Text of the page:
Delays in cancelling EC air ambulance tender further deprives residents of vital service

Issued by Jane Cowley, MPL
Shadow MEC for Health

The Eastern Cape Health Department has finally admitted defeat and announced that they have cancelled the controversial Aeromedical tender and advised that they will be putting out a new call for service providers.

The Democratic Alliance has been relentless in its opposition to this contract as we smelt a rat right from the start. This is a victory for common sense.

Sadly, this means that Eastern Cape residents will be deprived of an air ambulance service until at least June, which is when the new contract is expected to come into effect.

The DA is calling on the Health Department to urgently ensure that an interim air ambulance service is in place over the Easter holidays, notorious for high numbers of car and bus accidents.

Leli Investments, in a joint venture with Black Eagle, was awarded the contract in October 2020 through a controversial tender that saw repeated challenges in court.

In July last year, a court interdict against Leli Investments was set aside, and they were to start operating, but not a single aircraft or helicopter has left the ground to assist critically ill or injured patients in the province.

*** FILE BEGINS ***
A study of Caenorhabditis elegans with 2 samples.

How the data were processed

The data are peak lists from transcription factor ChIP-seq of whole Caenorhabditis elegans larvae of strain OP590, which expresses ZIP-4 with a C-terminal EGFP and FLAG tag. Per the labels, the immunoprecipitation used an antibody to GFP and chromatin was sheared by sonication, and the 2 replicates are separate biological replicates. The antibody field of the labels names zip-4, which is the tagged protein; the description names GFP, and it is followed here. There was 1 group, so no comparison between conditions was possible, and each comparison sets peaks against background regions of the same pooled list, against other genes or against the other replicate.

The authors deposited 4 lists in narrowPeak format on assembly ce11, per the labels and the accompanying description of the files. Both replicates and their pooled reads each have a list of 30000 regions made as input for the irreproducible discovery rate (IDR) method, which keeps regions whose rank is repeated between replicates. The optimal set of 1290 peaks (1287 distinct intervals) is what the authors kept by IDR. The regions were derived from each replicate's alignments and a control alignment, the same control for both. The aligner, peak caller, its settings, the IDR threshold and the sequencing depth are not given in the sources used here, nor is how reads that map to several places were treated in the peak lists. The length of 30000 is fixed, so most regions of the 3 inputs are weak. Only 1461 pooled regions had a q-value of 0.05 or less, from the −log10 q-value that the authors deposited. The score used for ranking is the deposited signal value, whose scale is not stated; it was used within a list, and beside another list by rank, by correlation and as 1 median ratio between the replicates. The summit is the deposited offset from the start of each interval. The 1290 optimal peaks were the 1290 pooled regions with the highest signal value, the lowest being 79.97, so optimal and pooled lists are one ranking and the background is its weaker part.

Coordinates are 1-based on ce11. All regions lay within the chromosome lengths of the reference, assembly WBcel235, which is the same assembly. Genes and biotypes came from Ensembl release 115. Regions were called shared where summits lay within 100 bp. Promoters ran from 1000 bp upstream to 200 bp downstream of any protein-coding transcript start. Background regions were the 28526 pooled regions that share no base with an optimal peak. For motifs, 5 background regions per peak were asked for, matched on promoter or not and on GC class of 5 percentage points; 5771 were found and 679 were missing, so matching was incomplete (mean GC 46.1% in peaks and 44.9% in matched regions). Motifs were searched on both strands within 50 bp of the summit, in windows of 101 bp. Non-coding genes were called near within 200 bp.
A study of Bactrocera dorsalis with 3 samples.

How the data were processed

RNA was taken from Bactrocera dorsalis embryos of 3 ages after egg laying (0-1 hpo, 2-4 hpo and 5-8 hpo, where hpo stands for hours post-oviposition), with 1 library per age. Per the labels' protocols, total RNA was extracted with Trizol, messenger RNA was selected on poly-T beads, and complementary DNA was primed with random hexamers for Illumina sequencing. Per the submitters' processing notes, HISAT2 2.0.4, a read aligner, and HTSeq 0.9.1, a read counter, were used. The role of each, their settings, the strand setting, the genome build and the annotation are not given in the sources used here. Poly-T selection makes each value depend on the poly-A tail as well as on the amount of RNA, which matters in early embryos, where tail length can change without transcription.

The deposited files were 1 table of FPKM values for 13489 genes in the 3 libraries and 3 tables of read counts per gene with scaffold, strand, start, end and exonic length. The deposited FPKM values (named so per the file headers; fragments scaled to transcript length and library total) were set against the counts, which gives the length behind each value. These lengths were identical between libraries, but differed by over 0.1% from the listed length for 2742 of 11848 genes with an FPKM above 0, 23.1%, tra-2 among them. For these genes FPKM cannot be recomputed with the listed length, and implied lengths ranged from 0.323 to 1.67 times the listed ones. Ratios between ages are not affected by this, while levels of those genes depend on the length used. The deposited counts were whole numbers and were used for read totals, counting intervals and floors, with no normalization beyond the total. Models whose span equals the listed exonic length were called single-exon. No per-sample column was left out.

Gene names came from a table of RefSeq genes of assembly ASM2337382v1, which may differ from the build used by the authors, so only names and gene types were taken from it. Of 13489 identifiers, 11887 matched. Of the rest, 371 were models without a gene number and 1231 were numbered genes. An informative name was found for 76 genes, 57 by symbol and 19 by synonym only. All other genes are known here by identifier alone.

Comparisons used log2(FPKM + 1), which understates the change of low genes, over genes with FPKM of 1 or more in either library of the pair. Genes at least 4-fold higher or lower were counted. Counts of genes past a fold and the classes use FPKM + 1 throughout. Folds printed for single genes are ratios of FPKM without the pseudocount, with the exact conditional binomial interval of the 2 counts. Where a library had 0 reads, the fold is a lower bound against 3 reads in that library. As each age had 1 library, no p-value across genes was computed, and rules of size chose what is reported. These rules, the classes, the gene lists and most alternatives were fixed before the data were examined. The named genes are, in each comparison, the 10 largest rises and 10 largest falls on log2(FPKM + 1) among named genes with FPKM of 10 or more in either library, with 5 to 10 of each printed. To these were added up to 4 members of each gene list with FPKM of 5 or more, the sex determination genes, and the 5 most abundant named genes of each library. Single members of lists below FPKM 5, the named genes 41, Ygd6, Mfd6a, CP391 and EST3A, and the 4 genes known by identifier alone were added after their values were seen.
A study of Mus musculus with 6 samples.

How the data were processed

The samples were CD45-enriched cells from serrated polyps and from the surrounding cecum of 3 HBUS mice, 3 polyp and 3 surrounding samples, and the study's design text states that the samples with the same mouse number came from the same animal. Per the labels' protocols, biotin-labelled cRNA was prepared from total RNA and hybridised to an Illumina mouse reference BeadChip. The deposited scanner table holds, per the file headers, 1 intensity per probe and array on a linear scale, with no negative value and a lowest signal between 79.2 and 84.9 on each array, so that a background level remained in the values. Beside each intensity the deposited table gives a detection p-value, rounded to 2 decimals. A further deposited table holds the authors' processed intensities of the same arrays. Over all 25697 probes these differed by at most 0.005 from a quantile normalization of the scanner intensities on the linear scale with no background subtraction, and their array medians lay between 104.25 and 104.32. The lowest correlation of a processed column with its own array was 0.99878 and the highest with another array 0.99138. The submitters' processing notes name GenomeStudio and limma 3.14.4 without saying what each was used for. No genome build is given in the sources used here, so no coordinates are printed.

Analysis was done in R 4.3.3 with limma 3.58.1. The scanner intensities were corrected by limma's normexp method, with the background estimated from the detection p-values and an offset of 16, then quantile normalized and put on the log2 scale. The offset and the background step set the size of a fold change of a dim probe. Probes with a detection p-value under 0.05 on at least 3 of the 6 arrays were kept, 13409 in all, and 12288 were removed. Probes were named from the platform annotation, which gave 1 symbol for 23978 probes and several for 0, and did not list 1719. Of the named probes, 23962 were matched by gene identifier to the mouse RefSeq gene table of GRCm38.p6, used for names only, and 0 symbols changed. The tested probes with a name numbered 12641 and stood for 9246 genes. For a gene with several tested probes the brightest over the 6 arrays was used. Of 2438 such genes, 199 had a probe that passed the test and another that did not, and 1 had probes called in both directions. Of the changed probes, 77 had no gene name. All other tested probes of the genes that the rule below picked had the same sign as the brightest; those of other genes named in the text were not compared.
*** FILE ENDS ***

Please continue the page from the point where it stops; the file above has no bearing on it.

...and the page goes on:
Despite the company’s claims in court that they were ready and able to begin operations immediately, this was not the case. It was patently clear then that they never had the requisite capacity or skills to render the aeromedical service.

Instead of desperately trying to justify the appointment of Leli Investments, Health MEC Nomakhosazana Meth should have terminated the contract when it was apparent that the company was incapable of fulfilling its mandate.

These delays have effectively deprived the residents of the Eastern Cape of live-saving services for an entire year!

This raises serious questions:

Why did the Bid Adjudication Committee favour Leli Investments if they were clearly not functional? Was there bias in the adjudication process?

What has awarding a contract without merit cost us in lives that may have been saved had a functional company been rendering the service?

The entire air ambulance contract debacle smacks of “contracts for cronies”.

I will write to MEC Meth to thank her for terminating the contract and call on her to ensure that an interim air ambulance service is in place over the Easter holidays.

I will also caution her that the Bid Adjudication and Bid Evaluation Committees, who are responsible for awarding such contracts, must always put the lives and wellbeing of our citizens at the centre of all their deliberations.

One day it may just be one of their family members who require an emergency airlift to stay alive.